More from Nancy McWilliams:
Two men may be clinically depressed, with virtually identical vegetative signs (sleep problems, appetite disturbance, tearfulness, psychomotor retardation, etc.), yet have radically disparate subjective experiences. One feels bad, in the sense of morally deficient or evil. He is contemplating suicide because he believes that his existence only aggravates the problems of the world and that he would be doing the planet a favor by removing his corrupting influence from it. The other feels not morally bad but internally empty, defective, ugly. He also is considering suicide, not to improve the world, but because he sees no point in living. The former feels a piercing guilt, the latter a diffuse shame. In object relations terms, the first man is too full of internalized others telling him he is bad; the second is too empty of internalizations that could give him any direction. Diagnostic discrimination between the first kind of depression (“ melancholia” in the early psychoanalytic literature and “introjective depression” more recently [Blatt, 2008]) and the second, a more narcissistically depleted state of mind (Blatt’s “anaclitic” depression), is a critical one for very practical reasons. The man with the first kind of depressive experience will not respond well to an overtly sympathetic, supportive tone in the interviewer; he will feel misunderstood as a person more deserving than he knows he really is, and he will get more depressed. The man with the second kind of subjective experience will be relieved by the therapist’s direct expression of concern and support; his emptiness will be temporarily filled, and the agony of his shame will be mitigated.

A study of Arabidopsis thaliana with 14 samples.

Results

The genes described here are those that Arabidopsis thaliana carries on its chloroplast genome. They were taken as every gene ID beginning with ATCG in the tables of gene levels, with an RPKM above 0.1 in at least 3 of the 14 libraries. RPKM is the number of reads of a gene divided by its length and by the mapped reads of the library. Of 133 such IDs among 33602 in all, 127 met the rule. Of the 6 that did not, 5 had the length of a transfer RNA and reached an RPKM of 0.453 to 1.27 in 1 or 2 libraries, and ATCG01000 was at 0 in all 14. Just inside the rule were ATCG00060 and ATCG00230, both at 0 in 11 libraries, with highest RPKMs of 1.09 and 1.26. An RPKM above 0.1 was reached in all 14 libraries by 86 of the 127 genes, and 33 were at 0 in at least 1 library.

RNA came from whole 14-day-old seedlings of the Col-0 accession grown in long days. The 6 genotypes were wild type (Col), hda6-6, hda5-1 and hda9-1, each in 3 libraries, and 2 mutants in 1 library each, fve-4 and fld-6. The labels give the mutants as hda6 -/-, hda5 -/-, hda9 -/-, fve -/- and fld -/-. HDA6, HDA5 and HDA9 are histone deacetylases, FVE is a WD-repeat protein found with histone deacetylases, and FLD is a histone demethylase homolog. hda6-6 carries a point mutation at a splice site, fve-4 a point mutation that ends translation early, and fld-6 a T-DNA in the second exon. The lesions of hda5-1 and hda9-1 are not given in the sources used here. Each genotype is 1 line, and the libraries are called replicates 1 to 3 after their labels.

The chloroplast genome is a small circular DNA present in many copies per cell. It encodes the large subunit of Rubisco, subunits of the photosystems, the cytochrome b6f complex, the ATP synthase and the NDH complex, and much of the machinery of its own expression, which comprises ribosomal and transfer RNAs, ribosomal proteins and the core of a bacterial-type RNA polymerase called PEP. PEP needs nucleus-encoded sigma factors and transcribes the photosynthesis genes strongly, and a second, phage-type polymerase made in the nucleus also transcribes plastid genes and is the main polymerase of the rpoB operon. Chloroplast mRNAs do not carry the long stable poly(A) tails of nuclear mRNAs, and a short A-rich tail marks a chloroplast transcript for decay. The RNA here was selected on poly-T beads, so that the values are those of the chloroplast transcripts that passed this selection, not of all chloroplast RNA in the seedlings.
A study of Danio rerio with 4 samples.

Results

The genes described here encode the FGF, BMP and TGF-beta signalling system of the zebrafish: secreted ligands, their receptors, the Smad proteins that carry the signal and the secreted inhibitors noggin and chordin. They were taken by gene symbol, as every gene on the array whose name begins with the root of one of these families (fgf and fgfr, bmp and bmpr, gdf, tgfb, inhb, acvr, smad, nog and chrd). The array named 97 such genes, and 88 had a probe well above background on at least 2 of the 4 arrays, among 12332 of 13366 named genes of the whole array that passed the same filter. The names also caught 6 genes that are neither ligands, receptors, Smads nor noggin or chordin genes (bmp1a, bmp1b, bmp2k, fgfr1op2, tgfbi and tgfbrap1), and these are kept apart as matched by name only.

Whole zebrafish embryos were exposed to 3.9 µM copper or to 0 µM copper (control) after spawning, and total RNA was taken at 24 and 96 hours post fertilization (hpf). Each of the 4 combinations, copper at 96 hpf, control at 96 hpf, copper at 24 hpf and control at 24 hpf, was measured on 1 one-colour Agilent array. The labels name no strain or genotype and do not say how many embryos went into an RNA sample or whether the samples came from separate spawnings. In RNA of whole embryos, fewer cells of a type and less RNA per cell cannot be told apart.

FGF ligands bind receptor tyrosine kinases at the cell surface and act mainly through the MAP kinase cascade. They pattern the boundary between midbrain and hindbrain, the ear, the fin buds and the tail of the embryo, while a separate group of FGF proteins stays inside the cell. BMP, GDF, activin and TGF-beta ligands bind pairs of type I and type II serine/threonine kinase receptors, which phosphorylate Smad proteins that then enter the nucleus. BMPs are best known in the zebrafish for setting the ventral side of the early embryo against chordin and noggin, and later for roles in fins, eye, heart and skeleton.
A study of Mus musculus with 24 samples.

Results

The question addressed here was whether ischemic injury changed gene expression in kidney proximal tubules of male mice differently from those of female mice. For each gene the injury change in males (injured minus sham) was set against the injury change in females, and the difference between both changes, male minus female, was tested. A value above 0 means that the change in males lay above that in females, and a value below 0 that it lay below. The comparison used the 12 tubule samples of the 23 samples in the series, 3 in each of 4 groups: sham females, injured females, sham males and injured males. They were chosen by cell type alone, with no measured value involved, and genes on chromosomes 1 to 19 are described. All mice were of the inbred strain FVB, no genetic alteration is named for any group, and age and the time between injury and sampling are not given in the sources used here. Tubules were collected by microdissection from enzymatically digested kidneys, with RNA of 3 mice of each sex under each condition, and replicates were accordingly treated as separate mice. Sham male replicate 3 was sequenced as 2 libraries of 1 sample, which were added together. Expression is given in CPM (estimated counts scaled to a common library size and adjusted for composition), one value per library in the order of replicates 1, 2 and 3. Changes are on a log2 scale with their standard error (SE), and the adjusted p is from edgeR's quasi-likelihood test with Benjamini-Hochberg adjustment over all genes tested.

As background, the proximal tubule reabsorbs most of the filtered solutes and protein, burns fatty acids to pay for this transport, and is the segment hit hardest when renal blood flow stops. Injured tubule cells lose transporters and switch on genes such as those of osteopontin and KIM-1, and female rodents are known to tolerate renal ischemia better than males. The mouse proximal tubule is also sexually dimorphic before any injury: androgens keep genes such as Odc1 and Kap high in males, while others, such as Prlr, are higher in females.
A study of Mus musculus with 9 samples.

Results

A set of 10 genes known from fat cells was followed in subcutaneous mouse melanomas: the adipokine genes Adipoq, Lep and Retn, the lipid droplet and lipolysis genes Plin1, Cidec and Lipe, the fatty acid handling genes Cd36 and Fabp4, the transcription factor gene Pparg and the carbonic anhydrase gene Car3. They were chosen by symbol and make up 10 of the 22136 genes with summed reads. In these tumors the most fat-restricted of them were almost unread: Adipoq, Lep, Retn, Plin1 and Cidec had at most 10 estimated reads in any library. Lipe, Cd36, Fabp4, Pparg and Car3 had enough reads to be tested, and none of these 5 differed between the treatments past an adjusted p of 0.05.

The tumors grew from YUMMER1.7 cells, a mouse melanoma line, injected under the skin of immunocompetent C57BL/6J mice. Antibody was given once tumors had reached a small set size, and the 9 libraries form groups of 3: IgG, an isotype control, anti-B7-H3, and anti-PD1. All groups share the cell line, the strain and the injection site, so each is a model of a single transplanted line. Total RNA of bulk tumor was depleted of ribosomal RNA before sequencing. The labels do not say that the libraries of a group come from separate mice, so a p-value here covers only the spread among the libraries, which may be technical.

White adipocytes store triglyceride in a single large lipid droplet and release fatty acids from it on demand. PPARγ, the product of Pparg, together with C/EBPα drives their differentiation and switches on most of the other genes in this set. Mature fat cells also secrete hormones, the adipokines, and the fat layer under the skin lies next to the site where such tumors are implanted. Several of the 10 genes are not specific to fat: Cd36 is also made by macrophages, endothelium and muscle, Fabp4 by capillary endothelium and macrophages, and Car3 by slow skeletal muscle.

McWilliams does a good job of tracing the major lines of psychoanalytic thought that have emerged from accumulating clinical experience. Her understanding of the first man draws upon Freud's structural theory of the mind. Within this framework, unacceptable guilt-ridden anger is redirected toward the self. An emphasis in this case becomes the patient's defensive patterns of dealing with unacceptable thoughts, wishes and feelings.
In the second case, a self-psychological understanding is useful. Rather than depression driven by unacceptable anger turned inward, the depression reflects an inner life that is barren. As McWilliams argues, there may be important implications for how a patient will react to therapeutic interventions and how treatment would proceed depending upon our understanding of the depression in each case.
And though it wasn't McWilliams's point in the passage above, I think these examples also show why a broad-umbrella, disease-model of depression is viewed by many of us as inadequate.